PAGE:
Archive Law Opens Doors on the Past

Russia has taken a step away from its tradition of secrecy with a new law that streamlines the rules governing public access to government archives, the director of the former Communist Party archive said Thursday.


For researchers, the immediate payoff is that more documents will now be available. But according to Kirill Anderson, director of the former Communist Party archive, it is perhaps more significant that the new law lays out explicitly the rules regarding public access to information in Russia.


"Before the new law, all our operations were regulated by different orders from President, Government or Supreme Soviet", said Anderson. "These orders usually contradicted each other and we felt like we were walking a mine-field".


The new regulations will govern: fixed secrecy periods for certified documents, who has the right to classify a document and the archive's relationship with state powers. It also will legalize private and non-governmental archives.


Researchers at the archives frequently complain of missing documents, and whether the new law, which has not yet been published, will improve this situation is not clear.


"You read a stenogram of some party meeting", said Roberta Manning, a Soviet-history professor at the Boston College, who has been doing research in the former Communist Party archive since 1990, "And find that the key speech by Nikolai Yezhov (Stalin's aide and minister) is missing. A note says that the pages had been moved to the Presidential archive".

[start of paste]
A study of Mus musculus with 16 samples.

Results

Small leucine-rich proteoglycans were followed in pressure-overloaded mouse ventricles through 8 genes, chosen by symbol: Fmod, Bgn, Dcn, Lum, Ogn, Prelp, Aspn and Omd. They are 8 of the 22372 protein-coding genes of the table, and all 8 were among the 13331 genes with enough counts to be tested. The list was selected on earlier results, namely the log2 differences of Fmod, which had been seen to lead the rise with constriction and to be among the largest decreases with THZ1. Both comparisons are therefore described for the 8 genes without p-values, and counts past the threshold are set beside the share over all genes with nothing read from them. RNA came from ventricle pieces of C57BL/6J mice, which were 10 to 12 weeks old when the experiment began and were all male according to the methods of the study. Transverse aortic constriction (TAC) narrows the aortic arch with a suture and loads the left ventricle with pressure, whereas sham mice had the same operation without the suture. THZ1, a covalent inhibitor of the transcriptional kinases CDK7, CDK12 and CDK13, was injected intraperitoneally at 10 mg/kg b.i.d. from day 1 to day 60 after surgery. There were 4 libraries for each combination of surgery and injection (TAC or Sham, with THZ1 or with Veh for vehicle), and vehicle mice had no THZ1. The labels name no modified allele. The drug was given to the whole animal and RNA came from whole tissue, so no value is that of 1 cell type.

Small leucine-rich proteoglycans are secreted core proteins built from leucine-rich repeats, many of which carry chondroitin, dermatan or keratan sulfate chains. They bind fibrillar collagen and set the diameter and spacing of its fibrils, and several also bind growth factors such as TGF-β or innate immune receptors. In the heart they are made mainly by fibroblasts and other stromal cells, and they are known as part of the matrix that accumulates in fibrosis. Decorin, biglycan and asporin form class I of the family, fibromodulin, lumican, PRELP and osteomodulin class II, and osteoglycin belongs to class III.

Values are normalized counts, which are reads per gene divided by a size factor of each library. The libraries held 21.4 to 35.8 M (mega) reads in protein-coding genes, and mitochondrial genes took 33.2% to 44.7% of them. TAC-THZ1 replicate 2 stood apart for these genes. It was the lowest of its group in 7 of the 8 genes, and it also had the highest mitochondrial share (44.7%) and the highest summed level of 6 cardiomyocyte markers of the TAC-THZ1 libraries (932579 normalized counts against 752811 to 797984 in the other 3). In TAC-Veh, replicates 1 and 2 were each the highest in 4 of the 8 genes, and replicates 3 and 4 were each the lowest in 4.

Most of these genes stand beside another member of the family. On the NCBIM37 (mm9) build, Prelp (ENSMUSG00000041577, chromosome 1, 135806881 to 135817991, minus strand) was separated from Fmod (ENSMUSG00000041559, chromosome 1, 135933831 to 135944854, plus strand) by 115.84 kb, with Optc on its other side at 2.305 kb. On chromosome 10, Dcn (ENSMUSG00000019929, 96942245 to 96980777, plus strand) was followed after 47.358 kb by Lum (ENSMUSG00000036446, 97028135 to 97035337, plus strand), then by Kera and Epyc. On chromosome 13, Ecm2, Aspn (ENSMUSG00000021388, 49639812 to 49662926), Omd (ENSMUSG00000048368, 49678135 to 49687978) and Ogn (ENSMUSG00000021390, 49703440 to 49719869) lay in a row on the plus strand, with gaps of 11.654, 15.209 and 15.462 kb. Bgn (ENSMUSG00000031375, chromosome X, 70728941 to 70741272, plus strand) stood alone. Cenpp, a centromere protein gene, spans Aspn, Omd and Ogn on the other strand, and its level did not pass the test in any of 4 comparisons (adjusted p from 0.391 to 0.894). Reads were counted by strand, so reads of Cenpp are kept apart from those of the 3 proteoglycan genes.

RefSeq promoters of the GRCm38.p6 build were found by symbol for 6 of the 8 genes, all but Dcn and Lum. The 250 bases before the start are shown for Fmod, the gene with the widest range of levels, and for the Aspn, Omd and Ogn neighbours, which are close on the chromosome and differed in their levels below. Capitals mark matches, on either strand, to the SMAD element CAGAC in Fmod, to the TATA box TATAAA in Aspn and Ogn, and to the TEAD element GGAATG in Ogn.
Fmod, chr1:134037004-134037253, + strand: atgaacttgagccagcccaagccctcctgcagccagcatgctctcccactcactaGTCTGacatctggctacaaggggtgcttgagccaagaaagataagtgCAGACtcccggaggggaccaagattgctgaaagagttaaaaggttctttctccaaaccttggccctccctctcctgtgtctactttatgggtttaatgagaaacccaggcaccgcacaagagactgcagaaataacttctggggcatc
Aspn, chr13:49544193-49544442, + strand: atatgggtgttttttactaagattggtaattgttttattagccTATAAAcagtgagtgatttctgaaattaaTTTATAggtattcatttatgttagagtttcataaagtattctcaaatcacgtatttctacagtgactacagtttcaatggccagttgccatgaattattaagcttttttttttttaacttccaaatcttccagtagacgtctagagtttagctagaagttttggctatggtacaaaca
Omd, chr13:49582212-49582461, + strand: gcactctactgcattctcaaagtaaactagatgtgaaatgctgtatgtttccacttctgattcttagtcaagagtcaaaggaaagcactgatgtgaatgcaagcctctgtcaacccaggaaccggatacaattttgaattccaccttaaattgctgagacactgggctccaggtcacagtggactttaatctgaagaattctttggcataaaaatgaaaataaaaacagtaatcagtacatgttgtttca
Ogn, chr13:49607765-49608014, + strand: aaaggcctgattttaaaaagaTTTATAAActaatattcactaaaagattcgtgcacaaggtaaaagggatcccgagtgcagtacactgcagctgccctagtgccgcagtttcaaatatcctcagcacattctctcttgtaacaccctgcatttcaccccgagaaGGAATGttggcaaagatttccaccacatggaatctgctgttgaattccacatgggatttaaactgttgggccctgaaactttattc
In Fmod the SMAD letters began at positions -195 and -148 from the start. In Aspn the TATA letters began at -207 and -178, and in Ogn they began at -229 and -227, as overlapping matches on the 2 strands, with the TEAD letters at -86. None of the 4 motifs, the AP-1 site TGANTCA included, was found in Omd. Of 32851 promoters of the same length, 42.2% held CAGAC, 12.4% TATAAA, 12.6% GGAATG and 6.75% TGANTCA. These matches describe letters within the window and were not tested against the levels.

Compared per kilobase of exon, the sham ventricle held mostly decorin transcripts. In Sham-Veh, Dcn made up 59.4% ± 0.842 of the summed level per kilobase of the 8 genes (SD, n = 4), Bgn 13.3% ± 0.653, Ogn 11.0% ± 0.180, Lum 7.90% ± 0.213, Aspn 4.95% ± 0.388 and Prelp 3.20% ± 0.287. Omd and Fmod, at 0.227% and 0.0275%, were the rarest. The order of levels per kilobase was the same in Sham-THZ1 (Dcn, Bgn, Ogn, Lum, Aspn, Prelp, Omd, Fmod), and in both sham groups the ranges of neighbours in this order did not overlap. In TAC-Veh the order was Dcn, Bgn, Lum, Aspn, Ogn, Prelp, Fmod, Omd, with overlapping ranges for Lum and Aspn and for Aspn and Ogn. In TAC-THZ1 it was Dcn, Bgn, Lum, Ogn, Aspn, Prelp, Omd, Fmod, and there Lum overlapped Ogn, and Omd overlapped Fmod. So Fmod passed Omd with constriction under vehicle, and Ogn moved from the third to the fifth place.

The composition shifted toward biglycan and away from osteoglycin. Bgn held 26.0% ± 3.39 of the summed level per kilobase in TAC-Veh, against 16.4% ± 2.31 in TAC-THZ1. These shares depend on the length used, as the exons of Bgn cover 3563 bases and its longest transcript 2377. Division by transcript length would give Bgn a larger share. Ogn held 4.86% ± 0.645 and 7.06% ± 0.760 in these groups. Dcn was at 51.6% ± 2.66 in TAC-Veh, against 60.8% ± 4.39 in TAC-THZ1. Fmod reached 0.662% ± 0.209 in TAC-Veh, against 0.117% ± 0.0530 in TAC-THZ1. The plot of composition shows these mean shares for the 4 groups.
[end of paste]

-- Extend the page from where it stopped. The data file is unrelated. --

Under the new regulations defining time periods for document secrecy, documents carrying state secrets will be guarded for 30 years while private papers will be restricted for 75 years, said Anderson, whose archive are currently called the Center for Storage and Studies on the Newest History Documents.


To extend the secrecy period, parliamentary approval will now be required. In the past, a letter from a government official was sufficient.


The new law is also expected to organize the federal archive network and systemize relations between the Russian Federal Archive Service and the archive users, according to Vladimir Tarasov, head of Service's foreign relations department. The law effects more than 2, 000 state archives in Russia.


Manning, of Boston University, said that even prior to the new law, she had observed that access to information was becoming easier.


"To get in here in 1990 I had to bribe my way in", she said, noting that, while doing research on Stalin's terror, she had to present her topic as "cattle livestock in Smolensk district" to obtain the necessary papers.


Manning said she was restricted from an archive in Smolensk in 1991, but will be allowed to attend the NKVD (KGB's forerunner) archive in Moscow this summer. "I'll go there as soon as they finish constructing a reading room", she said.


Anderson said that many documents would be de-classified under the new law because the orders of the officials who made them secret no longer were sufficient.


But it is not clear yet if the withheld documents would be returned to the CPSU archive.


Article 20 of the new law reads: "The regime of access to the documents stored in executive power's archives (President, Government, ministries) is defined by the executive powers in coordination with the Federal archive service". This gives latitude to government officials to refuse to declassify the documents.